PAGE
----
Monday, February 25, 2013

William Gilmore Simms and The Cosmopolitan

Considered by Edgar Allan Poe as "the best novelist which this country has, on the whole, produced," many people know of William Gilmore Simms primarily as a novelist, but did you know he also spent a large part of his career as an editor to newspapers and magazines? He also contributed to collaborative projects, sometimes under such anonymity that we are lucky to know his involvement.  One such project is The Cosmopolitan: An Occasional, which is housed by only three libraries in the entire United States, and the Charleston Library Society is one of them!

Published in May of 1833, just eight years after Simms made his editorial debut as part of the "Society of Young Gentlemen," The Cosmopolitan is a 2 volume publication that includes an introduction and four short stories in the first volume and a brief introduction and six short stories in the second volume.  It is believed that most of the short stories in the second volume are entirely by Simms. Diverging themselves from their gentlemanly obligations, the two volumes represent a small literary coterie participating in "the outpouring of a gentleman's leisure" with whimsical, thoughtful, and sometimes surreal story telling of everything from Revolutionary War tales to fairies.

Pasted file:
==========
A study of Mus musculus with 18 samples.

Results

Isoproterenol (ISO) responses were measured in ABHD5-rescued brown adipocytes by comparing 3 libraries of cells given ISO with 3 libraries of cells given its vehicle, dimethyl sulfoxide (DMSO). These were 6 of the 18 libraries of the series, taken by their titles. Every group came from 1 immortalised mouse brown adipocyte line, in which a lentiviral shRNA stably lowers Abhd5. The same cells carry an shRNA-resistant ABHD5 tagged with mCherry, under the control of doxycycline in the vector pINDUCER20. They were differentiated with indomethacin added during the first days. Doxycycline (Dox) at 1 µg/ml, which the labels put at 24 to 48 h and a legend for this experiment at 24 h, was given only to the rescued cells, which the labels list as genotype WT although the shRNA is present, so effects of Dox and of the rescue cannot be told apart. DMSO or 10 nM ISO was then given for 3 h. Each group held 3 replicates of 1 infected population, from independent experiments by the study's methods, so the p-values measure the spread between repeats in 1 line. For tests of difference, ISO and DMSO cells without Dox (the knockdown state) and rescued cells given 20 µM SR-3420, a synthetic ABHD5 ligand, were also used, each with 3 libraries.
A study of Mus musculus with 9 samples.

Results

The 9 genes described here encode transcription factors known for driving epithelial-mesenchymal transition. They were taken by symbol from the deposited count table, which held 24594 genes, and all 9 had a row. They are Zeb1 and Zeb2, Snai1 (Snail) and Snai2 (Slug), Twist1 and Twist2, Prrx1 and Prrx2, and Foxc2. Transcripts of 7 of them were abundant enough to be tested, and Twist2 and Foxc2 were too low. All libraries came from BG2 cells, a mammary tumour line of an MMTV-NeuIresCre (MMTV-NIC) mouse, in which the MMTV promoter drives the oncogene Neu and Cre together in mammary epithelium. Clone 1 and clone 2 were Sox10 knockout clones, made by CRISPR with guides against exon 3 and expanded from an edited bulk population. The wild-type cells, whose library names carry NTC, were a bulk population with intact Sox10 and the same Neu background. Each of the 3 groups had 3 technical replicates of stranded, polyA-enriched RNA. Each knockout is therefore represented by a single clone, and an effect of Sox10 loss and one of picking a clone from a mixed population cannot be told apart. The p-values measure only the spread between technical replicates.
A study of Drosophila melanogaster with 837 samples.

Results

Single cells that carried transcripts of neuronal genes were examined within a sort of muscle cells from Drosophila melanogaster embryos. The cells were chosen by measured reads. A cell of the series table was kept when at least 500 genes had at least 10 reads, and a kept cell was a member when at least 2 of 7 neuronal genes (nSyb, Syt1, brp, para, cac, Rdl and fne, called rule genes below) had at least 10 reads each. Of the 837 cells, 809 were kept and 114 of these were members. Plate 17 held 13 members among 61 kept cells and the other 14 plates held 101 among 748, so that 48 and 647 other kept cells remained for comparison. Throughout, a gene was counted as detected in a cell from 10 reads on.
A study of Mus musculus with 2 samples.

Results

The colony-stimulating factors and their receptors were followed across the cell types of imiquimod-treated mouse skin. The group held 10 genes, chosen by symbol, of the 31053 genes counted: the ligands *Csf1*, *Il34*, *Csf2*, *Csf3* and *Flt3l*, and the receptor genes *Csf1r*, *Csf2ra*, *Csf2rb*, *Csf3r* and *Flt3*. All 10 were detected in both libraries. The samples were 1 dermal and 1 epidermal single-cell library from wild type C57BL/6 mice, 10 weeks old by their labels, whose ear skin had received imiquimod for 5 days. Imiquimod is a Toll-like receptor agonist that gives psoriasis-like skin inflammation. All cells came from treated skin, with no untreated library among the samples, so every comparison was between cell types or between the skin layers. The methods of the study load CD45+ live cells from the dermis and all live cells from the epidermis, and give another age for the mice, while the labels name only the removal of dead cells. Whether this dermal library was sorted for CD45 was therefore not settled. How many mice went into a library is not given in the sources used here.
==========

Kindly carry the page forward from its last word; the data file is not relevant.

Originally, the Cosmopolitan was published anonymously, by "Three Bachelors," and just who deserves credit for contributing has been a subject of some debate. According to John C. Guilds, Jr., Simms published the Cosmopolitan with the Carroll brothers from Charleston and it was the second time he had used this type of "club mechanism" , the first being eight years before when he was just coming into the publishing business.

The William Gilmore Simms Initiative based out of the University of South Carolina, is making massive headway into digitizing all things William Gilmore Simms, and making them accessible for researchers and educators. The Cosmopolitan has now made its way to this largest single author online archive and can be viewed here.

So if you feel inclined to escape the tediousness of the day and "assert the value and charms of the science and letters," then please browse through Simms and his fellows' "little melange."